Kazakhstan – the regulations, the permits and the laws
6 November 2012
The ninth largest country in the world, Kazakhstan stretches from Eastern Europe to Asia across an area the size of Western Europe. It is rich in natural resources, with huge economic potential. A series of economic reforms and privatisations have encouraged growth. The IMF's World Economic Outlook report forecasted GDP growth of 5.9% and 6% for 2012 and 2013 respectively, and negotiations on Kazakhstan's accession to the World Treaty Organisation should be completed by the end of 2012. Unsurprisingly, Kazakhstan is attracting interest from international investors. So what are key issues for those wishing to do business there?
Essential for anyone wishing to do business in Kazakhstan is an understanding and recognition of the distinctive Kazakh business culture. It is strictly hierarchical, normally with just one key decision-maker, the most senior person in the company. Personal relationships are key, and whilst those in more subordinate positions can represent the business during meetings, they normally do not have the authority to make decisions unless stated in writing. The same will be assumed of company representatives negotiating with Kazakh entities – don't send someone junior to meet the CEO.
Construction activities are heavily regulated in Kazakhstan and require a number of permits and approvals. The main legislation regulating construction is the 2001 Law on Construction. Most stages of construction are subject to approval, in particular by the Agency for Construction, Housing and Utilities.
Like many business and professional activities in Kazakhstan, most construction activities are subject to mandatory licensing. A 2007 law (Decree No. 555) lists the construction activities affected. Licences are obtained from the regional local executive bodies, which have a great deal of discretion in applying the regulations.
Employment, local content and the environment
The Labour Code adopted in 2007 regulates the employment of both residents and non-residents in Kazakhstan. Employee rights established by the code generally cannot be reduced or restricted by the provisions of an employment contract.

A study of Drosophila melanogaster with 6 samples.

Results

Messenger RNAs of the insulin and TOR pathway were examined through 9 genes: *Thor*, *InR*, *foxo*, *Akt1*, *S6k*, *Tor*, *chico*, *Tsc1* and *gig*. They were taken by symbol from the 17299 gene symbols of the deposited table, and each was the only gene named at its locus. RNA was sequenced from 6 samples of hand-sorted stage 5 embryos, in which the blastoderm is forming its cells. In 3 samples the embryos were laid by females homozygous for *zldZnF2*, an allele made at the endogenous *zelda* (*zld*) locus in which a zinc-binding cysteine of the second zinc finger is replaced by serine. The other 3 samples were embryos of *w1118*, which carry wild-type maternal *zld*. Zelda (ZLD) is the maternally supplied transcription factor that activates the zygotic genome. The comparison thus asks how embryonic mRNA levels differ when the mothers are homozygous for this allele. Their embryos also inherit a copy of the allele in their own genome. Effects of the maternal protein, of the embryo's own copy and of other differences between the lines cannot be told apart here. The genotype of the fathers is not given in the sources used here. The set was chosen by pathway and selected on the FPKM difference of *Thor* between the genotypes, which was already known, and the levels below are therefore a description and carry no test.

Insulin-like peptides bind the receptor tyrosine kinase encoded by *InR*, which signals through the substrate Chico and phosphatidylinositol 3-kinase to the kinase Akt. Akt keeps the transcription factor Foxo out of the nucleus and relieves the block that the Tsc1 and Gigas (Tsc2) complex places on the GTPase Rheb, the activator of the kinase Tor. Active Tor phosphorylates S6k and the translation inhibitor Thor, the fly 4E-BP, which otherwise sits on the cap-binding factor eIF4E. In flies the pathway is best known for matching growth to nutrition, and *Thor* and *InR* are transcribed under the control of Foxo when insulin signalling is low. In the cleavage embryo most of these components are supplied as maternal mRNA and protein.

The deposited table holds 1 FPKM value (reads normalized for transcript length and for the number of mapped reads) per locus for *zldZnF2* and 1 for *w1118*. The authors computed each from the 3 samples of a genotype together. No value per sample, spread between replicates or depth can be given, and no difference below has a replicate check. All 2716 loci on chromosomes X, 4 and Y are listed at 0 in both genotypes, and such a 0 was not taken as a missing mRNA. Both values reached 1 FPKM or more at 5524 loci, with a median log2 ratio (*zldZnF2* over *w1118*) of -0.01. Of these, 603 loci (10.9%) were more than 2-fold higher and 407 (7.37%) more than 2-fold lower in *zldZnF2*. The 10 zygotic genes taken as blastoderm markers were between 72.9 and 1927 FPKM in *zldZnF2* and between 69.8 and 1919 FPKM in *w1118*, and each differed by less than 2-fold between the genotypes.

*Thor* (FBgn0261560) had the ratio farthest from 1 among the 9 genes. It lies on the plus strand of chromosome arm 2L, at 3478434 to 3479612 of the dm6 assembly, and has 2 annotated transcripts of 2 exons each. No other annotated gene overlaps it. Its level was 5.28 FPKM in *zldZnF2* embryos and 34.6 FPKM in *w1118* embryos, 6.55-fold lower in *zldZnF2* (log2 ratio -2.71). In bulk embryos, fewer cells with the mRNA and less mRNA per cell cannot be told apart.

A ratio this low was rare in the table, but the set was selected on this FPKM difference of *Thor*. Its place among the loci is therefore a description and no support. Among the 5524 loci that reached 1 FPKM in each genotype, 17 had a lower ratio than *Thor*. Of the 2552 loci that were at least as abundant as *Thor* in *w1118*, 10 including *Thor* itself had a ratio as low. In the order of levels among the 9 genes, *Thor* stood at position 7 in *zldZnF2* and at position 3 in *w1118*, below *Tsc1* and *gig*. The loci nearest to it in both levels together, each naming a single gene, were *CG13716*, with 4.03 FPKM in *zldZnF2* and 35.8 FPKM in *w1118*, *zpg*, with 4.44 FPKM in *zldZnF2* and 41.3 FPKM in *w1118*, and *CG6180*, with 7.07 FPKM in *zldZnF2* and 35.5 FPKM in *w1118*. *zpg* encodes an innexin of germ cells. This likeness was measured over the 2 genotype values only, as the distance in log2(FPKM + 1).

Local content is a crucial consideration for any organisation wishing to do business in Kazakhstan. A local content regulation requires contractors and suppliers to purchase goods and services from local Kazakh entities, give employment preference to local labour and meet annual local content benchmarks.
The 2004 Law on Conservation, Reproduction and Use of Wildlife regulates environmental matters and the Ministry of Environmental Protection deals with the licences and permits required by contractors and suppliers.
Tax and administration
Although corporate and individual income tax rates in Kazakhstan are low by international standards, the tax laws have changed frequently in recent years. Tax planning must therefore be both careful and robust, addressing the needs of business restructuring and the need to cope with changes in the tax law. Kazakhstan is very bureaucratic and keeping all documentation in good order is of paramount importance.
Kazakhstan is a signatory to the United Nations Convention against Corruption and its anti-corruption laws are relatively strong. The Criminal Code criminalises active and passive bribery, attempted corruption, extortion, money laundering, abuse of office, as well as bribe facilitation by third parties.
Investment and dispute resolution
Kazakhstan's Law on Investments, adopted in early 2003, provides for the settlement of investment disputes through litigation and international arbitration, although in practice arbitration is rarely used. It should be noted that the law defines "investment disputes" narrowly, excluding disputes between private entities. Whilst the law contains various provisions aimed at protecting the contractual and property rights of investors in Kazakhstan, concerns have been raised that the law does not go far enough. For instance, while the law guarantees "the stability of the conditions of contracts entered into between the investors and state bodies", this is made subject to a number of exceptions.
Kazakhstan is a signatory to the New York Convention on the Recognition and Enforcement of Foreign Arbitral Awards and its arbitration law gives precedence to international arbitration agreements. It is also signatory to bilateral investment treaties with over 40 counties, including the UK.
Like other former Soviet Republics, Kazakhstan is still developing a transparent and effective business environment and those in authority recognise the need for further economic reforms to continue to attract foreign investment. It is, however, a promising place to do business and the time and effort spent in developing personal relationships and in understanding, and being sensitive to, local customs could be rewarded with lasting business relationships.